Wisconsin jails and prisons take different paths to treatment for opioid use disorder
Individuals receiving medication for an opioid use disorder (MOUD) will be able to continue their treatment in Dane County, Wisconsin, according to a recently announced program by County Sheriff Kalvin Barrett.
“As an addiction medicine physician, I am so happy to hear that the Dane County Jail will be supporting people with opioid use disorder to continue their life-saving medications while incarcerated,” Elizabeth Salisbury-Afshar, MD, MPH, told local reporters. “Medications for opioid use disorder help people to stop using illicit opioids, improve health, reduce risk of death, and increase retention in treatment.”
Elsewhere in Wisconsin, however, jail officials at another facility will require a soon-to-be-incarcerated patient with depression to bring his own supply of medicine if he wants to continue treatment, said Dr. Salisbury-Afshar. The jail also refused to continue the patient’s daily MOUD.
The AMA strongly urges all jails and prisons to ensure access to medically necessary care, including MOUD and other conditions when clinically appropriate and has model state legislation to help states require jails and prisons to do so.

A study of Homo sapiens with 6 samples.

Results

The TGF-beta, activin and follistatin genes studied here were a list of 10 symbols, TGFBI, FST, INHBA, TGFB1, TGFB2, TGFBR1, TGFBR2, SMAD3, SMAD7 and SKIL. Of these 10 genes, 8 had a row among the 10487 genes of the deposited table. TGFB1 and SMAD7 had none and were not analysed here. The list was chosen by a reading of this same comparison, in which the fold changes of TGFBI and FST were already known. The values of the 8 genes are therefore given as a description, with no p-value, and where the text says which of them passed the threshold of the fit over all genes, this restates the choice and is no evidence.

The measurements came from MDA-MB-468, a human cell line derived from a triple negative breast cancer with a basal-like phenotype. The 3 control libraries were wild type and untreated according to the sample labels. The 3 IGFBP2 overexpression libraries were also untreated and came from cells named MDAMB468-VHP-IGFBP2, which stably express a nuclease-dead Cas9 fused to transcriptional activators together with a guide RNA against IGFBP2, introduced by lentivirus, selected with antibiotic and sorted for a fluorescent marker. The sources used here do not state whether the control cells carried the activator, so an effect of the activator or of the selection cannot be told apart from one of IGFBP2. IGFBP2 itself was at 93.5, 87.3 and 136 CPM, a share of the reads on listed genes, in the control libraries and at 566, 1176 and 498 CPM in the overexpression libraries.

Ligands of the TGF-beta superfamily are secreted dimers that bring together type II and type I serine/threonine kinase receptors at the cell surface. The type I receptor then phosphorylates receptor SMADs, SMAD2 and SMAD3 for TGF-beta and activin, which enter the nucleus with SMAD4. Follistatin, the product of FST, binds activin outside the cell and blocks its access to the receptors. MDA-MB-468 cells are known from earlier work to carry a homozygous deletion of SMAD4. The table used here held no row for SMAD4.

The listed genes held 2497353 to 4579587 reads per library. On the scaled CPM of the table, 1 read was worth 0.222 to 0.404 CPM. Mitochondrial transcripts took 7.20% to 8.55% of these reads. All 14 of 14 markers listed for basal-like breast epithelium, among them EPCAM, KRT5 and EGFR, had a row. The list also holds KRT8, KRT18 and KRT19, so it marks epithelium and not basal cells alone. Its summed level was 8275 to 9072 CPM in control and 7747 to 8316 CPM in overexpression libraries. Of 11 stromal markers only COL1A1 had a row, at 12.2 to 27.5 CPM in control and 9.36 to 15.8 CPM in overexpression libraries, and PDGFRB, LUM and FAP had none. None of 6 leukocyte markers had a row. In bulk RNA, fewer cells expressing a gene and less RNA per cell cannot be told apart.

“Wisconsin physicians recognize that there needs to be a partnership between the legal and medical system,” said Wisconsin Society of Addiction Medicine President Ritu Bhatnagar, MD, MPH. “There has been recent progress in Dane and Milwaukee Counties related to treatment when a person enters the carceral setting. We see that there is an opportunity to save lives during an overdose epidemic that is claiming thousands of lives in Wisconsin. Wisconsin physicians call on law enforcement to implement these measures statewide.”
The U.S. Department of Justice on April 5, 2022, issued guidance explaining that the Americans with Disabilities Act “protects people with OUD [opioid use disorder] who are in treatment or recovery from discrimination,” including DOJ actions to ensure the provision of MOUD in multiple settings, including jails and prisons.